Why the edges of asset allocation are becoming blurred

There has been a clear trend for limited partners to create specialised buckets for their private debt allocations. So what lies behind PensionDanmark’s reverse manoeuvre?

The trend is relatively recent, but seemingly accepted and reasonably well established: from its roots as part of alternative asset or fixed income allocations, private debt has grown sufficiently as an asset class in its own right to merit separate treatment. These days, the private debt bucket is a phenomenon that is no more unusual than the private equity or real estate buckets.

At first glance, therefore, the decision by PensionDanmark – one of Europe’s largest pension funds, with €31.5 billion of assets under management – to merge its private debt capabilities into its wider alternative assets team appeared puzzling. In the private debt world, separate LP allocations are seen almost as a badge of honour – a form of recognition from investors that private debt has reached an acceptable level of maturity. Why would a substantial player like PensionDanmark appear to buy into this, only to backtrack?

The answer, according to the organisation’s new head of alternatives, Kim Neilsen, lies in flexibility to target different parts of the capital structure in order to achieve the risk-adjusted return that the pension fund is seeking. He told PDI in a recent interview:

“Transactions and market dynamics change all the time, and it may be possible to achieve better risk-adjusted returns by investing in a structured debt or equity tranche than outright investing in either equity or senior debt.”

It is, in other words, about flexibility in achieving the end goal rather than attempting to be zealously faithful to what constitutes a private debt or private equity transaction – and, consequently, which bucket the capital should be drawn from.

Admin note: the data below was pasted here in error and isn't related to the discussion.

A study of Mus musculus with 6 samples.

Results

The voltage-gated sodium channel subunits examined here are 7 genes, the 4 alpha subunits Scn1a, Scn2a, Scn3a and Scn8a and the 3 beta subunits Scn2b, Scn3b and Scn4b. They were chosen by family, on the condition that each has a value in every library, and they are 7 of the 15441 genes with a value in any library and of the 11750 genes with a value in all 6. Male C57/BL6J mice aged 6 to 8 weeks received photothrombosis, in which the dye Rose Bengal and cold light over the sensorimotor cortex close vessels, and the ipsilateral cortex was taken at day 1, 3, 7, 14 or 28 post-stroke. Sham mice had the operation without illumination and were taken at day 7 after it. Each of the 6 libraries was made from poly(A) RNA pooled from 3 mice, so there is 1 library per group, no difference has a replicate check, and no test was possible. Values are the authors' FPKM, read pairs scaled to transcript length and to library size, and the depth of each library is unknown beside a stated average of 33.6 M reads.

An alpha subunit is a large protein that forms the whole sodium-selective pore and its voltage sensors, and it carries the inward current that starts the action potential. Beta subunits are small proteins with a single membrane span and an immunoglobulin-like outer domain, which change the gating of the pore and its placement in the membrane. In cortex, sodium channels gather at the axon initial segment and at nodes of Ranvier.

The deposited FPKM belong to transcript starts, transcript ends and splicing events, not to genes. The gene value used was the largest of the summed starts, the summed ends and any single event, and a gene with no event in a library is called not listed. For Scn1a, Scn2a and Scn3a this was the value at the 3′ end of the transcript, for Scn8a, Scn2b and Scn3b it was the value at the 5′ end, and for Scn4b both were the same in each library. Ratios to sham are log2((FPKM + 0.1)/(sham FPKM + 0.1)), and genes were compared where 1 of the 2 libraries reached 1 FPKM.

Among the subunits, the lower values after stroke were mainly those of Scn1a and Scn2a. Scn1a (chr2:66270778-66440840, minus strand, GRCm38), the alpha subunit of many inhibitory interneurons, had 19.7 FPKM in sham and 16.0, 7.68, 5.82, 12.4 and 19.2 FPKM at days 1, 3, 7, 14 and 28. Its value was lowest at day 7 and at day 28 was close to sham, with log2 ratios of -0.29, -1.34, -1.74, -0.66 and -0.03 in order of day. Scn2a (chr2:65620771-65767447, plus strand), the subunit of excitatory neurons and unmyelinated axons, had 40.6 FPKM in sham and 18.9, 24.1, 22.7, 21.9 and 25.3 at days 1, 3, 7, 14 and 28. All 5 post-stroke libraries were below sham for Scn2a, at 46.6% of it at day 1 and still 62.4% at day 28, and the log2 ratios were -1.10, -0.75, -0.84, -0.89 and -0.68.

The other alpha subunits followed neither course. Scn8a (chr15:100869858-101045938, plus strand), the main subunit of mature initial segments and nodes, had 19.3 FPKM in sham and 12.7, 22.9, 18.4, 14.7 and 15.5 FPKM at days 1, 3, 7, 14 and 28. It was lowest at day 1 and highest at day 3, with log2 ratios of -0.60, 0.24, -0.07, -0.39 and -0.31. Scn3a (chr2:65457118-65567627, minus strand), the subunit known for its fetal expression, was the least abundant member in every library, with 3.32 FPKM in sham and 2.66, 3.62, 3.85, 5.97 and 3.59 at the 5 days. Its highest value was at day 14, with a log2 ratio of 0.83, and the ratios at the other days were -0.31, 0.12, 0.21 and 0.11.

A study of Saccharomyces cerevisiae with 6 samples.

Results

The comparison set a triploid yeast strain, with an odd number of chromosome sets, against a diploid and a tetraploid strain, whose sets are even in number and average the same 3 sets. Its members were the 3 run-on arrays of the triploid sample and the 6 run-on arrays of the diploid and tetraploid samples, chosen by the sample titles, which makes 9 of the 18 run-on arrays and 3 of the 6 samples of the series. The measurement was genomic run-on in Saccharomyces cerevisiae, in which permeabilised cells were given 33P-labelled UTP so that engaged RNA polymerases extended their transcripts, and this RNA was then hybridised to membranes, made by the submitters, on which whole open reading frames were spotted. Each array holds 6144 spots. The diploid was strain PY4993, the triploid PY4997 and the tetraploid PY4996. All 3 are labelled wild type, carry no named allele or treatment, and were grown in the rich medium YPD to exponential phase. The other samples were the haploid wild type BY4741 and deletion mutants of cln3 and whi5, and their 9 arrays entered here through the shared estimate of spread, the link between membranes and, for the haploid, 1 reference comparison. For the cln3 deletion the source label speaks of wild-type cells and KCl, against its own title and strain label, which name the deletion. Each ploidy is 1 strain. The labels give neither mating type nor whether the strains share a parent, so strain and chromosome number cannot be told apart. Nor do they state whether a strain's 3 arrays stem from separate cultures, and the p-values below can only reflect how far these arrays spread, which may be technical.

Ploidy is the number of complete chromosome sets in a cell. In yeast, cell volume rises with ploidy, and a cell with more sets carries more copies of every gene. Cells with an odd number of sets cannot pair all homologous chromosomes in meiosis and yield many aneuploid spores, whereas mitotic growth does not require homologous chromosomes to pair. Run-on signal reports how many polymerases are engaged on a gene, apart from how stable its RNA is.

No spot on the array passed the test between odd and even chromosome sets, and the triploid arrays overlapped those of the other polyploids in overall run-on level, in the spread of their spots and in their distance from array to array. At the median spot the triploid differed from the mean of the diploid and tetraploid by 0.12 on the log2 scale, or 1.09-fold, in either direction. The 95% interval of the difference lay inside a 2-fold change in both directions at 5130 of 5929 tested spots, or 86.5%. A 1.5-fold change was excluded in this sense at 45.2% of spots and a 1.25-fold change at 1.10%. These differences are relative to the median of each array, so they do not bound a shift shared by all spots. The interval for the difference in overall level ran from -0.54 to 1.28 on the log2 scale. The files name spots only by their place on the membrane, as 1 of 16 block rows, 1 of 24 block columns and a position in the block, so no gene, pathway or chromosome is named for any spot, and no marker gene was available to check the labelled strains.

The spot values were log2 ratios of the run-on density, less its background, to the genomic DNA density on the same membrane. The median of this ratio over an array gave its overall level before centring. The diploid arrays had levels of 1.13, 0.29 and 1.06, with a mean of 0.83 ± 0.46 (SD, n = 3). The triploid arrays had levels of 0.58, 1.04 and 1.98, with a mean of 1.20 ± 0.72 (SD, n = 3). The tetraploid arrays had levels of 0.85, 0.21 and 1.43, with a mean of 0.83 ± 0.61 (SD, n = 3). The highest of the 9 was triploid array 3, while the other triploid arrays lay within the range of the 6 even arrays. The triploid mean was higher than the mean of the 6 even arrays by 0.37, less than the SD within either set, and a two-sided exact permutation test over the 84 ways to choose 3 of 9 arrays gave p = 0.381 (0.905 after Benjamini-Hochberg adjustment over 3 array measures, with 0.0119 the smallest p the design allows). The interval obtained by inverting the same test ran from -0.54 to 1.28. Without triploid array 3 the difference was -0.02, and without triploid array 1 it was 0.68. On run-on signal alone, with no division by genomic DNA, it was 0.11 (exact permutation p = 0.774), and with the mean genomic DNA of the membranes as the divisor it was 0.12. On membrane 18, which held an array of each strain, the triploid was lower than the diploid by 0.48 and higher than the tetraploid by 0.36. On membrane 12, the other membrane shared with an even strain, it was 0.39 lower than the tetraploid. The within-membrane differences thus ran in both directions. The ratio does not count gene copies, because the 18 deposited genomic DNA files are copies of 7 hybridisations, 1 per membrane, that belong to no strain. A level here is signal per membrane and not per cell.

The broader context is the need for pensions to retain a sharp focus on risk-return profiles, and how they may need to shift as members age and have traditionally shifted towards lower-risk and lower-yielding investments as they get nearer to retirement.

Pensions have long experience of how to achieve this transition successfully, but the market volatility of recent times – combined with historically low interest rates – have created challenging conditions for investing in which useful precedents are few and far between. With the pieces of the puzzle thrown in the air, PensionDanmark will not be the only pension examining whether its current structure is the optimal one to meets its targets.

Nielsen believes that PensionDanmark’s new set-up will allow it to more precisely target different parts of the capital structure and boost its ability to come up with the right investment mix. Other institutional investors will no doubt be closely examining what it has done, and how it fares in the future. Don’t expect there to be a widespread rejection of the separate bucket approach; but neither should it be assumed that it’s the only way to go.

Write to the author at andy.t@peimedia.com.